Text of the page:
Review: “The Nutcracker and the Four Realms”

As an early Christmas gift for the holiday season, Walt Disney Studios and Directors Lasse Hallström, and Joe Johnston present audiences with “The Nutcracker and the Four Realms.”

Loosely based on E.T.A. Hoff mann’s original story, “The Nutcracker and the Mouse King” and the subsequent Tchaikovsky ballet, this version gives an updated look at a young girl’s adventurous Christmas, spent with a Sugar Plum Fairy, a Mouse King, and a trusty Nutcracker.

Scene from Nutcracker and the Four Realms ©Disney

Clara, a 14-year-old girl in Victorian England, is a bright, budding inventor with an instinctive knack for machinery whose world is upended by the loss of her mother.  Although the rest of her family is clearly suffering as well, Clara’s unorthodox interests and dissatisfaction with a traditional female role contribute to her feeling alone and lost, except for the time she spends with her kindred inventor spirit, Godfather Drosselmeyer.

Morgan Freeman in scene from Nutcracker and the Four Realms ©Disney

Spurred on by an enigmatic gift from her late mother, Clara must undertake a journey to an alternate, parallel world where the political unrest and violence mirror the agitation and distress in her heart.  As she struggles to discover what her mother’s last message to her was, she must also endeavor to make whole a kingdom divided by fear and anger and loss all while trying to resolve her own feelings of grief and self-doubt.

Scene from Nutcracker and the Four Realms ©Disney

The film is an excessively pretty production with a heavy emphasis on the wildly fantastical and mildly disturbing — sort of a “Tim Burton lite” aesthetic.  Production Designer Guy Hendrix Dyas does a beautiful job creating both the gorgeous and extravagant Christmas ball at Drosselmeyer’s house and the imaginative and largely CG environments of the Four Realms.

Scene from Nutcracker and the Four Realms ©Disney

As you might expect, the music is wonderful, with composer James Howard’s soundtrack built on the Tchaikovsky ballet score.  From the brilliant orchestral pieces recorded by the London Philharmonia with conductor Gustavo Dudamel (filmed in a couple of “Fantasia” referencing shots) to the lovely end-credit duet of Andrea Bocelli and his son Matteo Bocelli “Fall on Me,” the sound mirrors the film’s lush, saturated settings.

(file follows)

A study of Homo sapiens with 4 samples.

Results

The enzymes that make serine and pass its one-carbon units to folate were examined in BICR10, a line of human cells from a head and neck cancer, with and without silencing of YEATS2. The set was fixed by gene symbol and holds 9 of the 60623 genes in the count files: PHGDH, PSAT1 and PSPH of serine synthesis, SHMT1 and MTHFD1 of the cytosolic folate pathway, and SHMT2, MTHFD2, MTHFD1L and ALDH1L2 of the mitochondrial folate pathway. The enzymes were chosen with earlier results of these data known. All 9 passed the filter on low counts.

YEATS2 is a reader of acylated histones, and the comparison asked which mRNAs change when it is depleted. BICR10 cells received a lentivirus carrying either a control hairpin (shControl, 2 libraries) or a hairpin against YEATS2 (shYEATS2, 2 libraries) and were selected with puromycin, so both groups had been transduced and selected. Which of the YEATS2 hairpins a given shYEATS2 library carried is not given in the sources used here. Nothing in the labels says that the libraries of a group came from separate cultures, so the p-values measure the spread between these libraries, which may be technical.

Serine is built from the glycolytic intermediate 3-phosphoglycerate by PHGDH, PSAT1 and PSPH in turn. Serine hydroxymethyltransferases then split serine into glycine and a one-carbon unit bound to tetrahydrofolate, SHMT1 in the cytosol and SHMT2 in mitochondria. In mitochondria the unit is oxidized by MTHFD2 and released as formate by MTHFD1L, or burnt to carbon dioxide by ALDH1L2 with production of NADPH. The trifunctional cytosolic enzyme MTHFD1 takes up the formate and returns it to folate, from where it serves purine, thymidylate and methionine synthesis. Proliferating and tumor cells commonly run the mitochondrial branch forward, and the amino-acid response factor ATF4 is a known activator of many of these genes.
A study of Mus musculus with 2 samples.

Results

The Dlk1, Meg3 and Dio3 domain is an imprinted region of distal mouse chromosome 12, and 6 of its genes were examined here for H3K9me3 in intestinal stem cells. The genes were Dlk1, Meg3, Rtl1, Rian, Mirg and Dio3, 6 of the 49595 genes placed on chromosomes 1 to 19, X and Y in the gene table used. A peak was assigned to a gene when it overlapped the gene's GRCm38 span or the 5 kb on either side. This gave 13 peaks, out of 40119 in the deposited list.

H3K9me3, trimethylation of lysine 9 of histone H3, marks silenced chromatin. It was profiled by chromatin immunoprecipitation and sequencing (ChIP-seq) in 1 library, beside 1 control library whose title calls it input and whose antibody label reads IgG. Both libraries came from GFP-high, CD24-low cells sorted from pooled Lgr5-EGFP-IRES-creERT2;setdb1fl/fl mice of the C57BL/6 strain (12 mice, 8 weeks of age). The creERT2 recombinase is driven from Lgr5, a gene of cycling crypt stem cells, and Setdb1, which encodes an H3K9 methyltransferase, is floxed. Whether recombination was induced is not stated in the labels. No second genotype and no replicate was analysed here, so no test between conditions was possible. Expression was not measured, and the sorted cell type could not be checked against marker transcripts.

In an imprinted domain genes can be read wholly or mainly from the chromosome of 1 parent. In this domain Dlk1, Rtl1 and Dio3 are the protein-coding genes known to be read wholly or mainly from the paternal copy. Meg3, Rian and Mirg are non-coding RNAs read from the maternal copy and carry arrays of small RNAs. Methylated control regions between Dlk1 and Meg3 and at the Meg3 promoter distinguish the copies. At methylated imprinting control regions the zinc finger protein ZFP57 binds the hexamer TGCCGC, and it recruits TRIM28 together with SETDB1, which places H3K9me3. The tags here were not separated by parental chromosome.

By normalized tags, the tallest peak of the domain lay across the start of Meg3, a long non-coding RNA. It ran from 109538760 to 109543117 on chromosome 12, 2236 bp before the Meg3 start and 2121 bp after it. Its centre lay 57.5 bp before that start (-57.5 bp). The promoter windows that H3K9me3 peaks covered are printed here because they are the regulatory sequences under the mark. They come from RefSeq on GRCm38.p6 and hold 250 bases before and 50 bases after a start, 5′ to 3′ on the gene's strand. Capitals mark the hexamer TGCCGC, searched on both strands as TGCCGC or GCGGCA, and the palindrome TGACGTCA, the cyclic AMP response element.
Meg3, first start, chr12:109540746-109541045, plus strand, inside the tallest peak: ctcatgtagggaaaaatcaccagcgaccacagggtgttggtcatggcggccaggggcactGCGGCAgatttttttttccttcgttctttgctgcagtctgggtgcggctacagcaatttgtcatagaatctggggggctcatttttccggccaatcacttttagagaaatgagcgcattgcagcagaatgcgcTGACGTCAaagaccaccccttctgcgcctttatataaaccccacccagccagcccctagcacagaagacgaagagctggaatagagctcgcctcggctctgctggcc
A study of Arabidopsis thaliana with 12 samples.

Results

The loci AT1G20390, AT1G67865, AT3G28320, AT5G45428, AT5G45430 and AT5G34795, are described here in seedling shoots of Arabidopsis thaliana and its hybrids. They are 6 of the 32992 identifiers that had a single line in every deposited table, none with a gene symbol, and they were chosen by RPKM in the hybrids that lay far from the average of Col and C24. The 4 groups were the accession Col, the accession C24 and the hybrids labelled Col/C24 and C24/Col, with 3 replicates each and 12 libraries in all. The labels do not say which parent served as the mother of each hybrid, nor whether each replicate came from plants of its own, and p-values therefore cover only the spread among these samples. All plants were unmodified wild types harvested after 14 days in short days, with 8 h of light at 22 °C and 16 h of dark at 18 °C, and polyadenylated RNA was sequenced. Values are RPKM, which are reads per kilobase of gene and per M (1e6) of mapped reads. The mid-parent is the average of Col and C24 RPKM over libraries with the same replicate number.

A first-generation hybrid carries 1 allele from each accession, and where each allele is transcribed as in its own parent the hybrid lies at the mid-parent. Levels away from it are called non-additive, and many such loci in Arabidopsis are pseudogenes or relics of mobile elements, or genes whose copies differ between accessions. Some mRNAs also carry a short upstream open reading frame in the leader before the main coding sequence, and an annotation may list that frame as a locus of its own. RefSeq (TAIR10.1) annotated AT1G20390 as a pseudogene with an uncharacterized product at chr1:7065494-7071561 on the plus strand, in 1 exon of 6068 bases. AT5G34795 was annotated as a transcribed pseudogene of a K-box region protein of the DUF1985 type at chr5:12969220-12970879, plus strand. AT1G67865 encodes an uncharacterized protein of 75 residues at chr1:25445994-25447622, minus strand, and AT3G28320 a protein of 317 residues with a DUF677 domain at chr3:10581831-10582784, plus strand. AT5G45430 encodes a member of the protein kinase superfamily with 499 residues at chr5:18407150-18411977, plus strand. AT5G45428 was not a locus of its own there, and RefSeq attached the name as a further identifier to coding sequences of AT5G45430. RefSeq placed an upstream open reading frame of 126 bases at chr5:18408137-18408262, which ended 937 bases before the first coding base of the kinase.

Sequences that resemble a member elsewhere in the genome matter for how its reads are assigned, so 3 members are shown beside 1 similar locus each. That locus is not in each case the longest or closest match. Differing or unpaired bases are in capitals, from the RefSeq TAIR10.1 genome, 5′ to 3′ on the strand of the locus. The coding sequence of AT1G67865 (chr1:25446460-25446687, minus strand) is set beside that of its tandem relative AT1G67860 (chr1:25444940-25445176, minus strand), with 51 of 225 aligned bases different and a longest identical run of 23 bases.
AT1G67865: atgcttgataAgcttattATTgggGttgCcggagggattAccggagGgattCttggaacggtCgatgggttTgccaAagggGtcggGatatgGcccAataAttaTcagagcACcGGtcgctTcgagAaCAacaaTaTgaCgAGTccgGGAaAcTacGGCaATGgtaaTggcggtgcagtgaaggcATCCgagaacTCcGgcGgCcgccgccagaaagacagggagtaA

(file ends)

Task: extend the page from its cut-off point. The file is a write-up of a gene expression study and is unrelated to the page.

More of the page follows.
One of the highlights of the production is the dancing, featuring American Ballet Theatre’s Misty Copeland.  Her ballet introducing the Four Realms and over the credit sequence brings a theatrical energy that you wish could continue a little longer and with less interruption.

What comes off a little less compelling is the film’s actual story line.  There seem to be so many interesting, disparate plot points that there really isn’t time to touch on all of them in more than a cursory fashion.  Morgan Freeman and Helen Mirren as Drosselmeyer and Mother Ginger have a fun time as an eccentric inventor and a piratical realm regent respectively, but they have very little screen time with their hinted-at secrets largely remaining untold.

Keira Knightley probably comes off best as the Sugar Plum Fairy, and is almost unrecognizable in her cotton-candy hairdo (which she occasionally eats) and high-pitched voice.  Although she could have used more backstory, Knightley manages to make her diabetic nightmare of a character a believable avatar for Clara’s feelings towards her mother.

Ultimately, “The Nutcracker and the Four Realms” is a beautiful production that bleeds over-the-top craftsmanship but doesn’t give as much heart to its story as you might expect.  Clara undergoes trials and defeats, but overcomes most of them so quickly, it’s hard to know how much impact they could have on either her or the viewer.  Children will be entertained by the spectacle of the whole thing, but anyone with fears of rodents or clowns should probably steer clear as there is a healthy amount of both in this film — CG or not, it’s a little disturbing to see thousands of rats form an enormous mass and then swarm over Clara several times.  It doesn’t seem to bother her much, although I would probably never stop taking a shower again.

A representative moment from the film is toward the end when Clara dons a formal gown:  It is breathtaking, with yards and layers of gossamer and lace and gold and silver.  There are thousands of Swarovski crystals and fairy lights on and in it, and Mackenzie Foy looks amazing wearing it.  The level of detail and work that went into it is clearly obvious.  We are also not entirely sure why Clara is wearing the gown, or what she’s doing, and it very quickly switches to her wearing another dress doing something else entirely.  This, in a nutshell, is “Nutcracker.”

Scene from Nutcracker and the Four Realms ©Disney

“The Nutcracker and the Four Realms” is presented by Walt Disney Studios Motion Pictures. Rated PG, it stars Keira Knightley, Mackenzie Foy, Eugenio Derbez, Matthew Macfadyen, Richard E. Grant, Miranda Hart, Sergei Polunin, Jayden Fowora-Knight, Omid Djalili, Jack Whitehall, Meera Syal, Ellie Bamber, Misty Copeland, with Helen Mirren and Morgan Freeman.

Directed by Lasse Hallström andJoe Johnston and produced by Mark Gordon and Larry Franco . Screenplay by Ashleigh Powell.

The film enters US release on November 2, 2018.

Will you be seeing “The Nutcracker and the Four Realms” over the holidays? Do you agree with our reviewer’s take on the film? Leave a note in the comments below.